Newly-elected congressman invented his past – media

A New York congressman may have made up his attractive resume, but his opponent never challenged his claims

Newly-elected congressman invented his past – media
20 Dec, 2022 00:19 HomeWorld News

Newly-elected congressman invented his past – media

George Santos, who became the first openly gay Republican to win a House seat, may be a fraud

George Santos, who made history last month when he flipped a competitive New York seat to become the first openly gay Republican member of the US House of Representatives, allegedly made up his life story, according to the New York Times, which belatedly dug into the congressman’s past on Monday.

Santos presented himself as the “full embodiment of the American Dream,” a second-generation Brazilian immigrant, former Wall Street banker and real estate investor who rescued animals in his spare time. However, the Times was unable to verify so much as his college degree – let alone his work resume, charitable works, his family real estate empire, or even his home address.

The outlet found that while he was supposedly studying finance at Baruch College, Brazilian court records show Santos was being prosecuted for allegedly stealing the checkbook of a man his mother was caring for. Citigroup and Goldman Sachs could find no record of Santos working for them. Santos also claimed to be a landlord managing 13 properties, but no records exist of his owning property in New York City or Long Island. He was, however, evicted twice from apartments in Queens, in 2015 and 2017.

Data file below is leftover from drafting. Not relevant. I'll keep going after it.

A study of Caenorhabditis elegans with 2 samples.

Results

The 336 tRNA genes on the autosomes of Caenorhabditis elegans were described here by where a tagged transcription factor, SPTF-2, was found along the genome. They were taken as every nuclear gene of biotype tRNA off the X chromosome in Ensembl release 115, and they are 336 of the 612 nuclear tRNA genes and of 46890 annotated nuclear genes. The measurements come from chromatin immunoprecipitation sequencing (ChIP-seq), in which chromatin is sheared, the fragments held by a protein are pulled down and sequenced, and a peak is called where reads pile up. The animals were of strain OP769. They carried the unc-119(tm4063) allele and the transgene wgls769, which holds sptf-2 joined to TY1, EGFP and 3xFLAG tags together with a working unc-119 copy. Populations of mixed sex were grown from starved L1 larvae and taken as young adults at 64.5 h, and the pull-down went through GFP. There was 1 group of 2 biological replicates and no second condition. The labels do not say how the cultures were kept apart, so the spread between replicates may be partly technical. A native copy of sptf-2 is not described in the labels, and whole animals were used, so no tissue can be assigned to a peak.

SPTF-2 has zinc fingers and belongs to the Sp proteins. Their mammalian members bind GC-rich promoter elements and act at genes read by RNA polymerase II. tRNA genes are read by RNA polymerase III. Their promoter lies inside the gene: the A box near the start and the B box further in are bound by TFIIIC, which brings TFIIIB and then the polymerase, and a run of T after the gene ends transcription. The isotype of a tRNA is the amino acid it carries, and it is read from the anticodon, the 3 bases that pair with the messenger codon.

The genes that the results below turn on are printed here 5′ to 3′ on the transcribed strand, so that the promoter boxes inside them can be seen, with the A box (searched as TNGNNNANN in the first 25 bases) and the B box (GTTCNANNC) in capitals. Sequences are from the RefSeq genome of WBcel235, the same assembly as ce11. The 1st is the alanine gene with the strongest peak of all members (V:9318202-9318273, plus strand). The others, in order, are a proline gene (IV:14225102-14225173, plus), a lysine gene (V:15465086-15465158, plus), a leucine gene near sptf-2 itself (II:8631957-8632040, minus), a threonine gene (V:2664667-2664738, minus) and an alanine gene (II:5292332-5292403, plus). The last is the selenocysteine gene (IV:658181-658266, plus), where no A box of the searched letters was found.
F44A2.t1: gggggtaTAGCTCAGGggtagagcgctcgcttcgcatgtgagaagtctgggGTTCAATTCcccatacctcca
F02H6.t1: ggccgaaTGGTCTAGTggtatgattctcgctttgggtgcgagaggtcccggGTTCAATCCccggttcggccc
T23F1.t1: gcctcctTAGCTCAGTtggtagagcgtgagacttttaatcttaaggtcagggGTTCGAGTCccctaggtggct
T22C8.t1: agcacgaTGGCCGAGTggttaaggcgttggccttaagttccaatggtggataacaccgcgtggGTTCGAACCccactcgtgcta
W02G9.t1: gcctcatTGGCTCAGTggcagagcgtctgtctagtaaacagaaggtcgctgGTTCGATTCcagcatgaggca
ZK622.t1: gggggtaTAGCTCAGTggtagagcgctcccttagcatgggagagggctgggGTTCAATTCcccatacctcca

Even Santos’ animal rescue “charity,” Friends of Pets United, was not registered as a nonprofit, and a New Jersey animal rescue group that partnered with him for a fundraiser told the Times it never received its share of the money.

Santos did work for Harbor City Capital, an investment company charged with running a $17 million Ponzi scheme, though he insists he left before charges were filed. While he listed over $1 million in earnings and dividends from a company he founded on campaign financial disclosures, the scarce public information about the firm is self-contradictory. When the Times attempted to interview the congressman about the holes in his story at the address where he is registered to vote, the individual who answered the door claimed not to know him.

It remains unclear why the Democratic Party did not do basic opposition research on Santos, a vocal Trump ally who questioned the authenticity of the 2020 election results and opposed abortion rights. The incumbent Democrat Tom Suozzi abandoned his seat to challenge Kathy Hochul for governor, resulting in a seven-way primary fight, while Santos ran unopposed as a Republican.

Santos' campaign responded to the allegeations on Monday, with his attorney, Joseph Murray, saying it was “no surprise that Congressman-elect Santos has enemies at the New York Times who are attempting to smear his good name with these defamatory allegations.”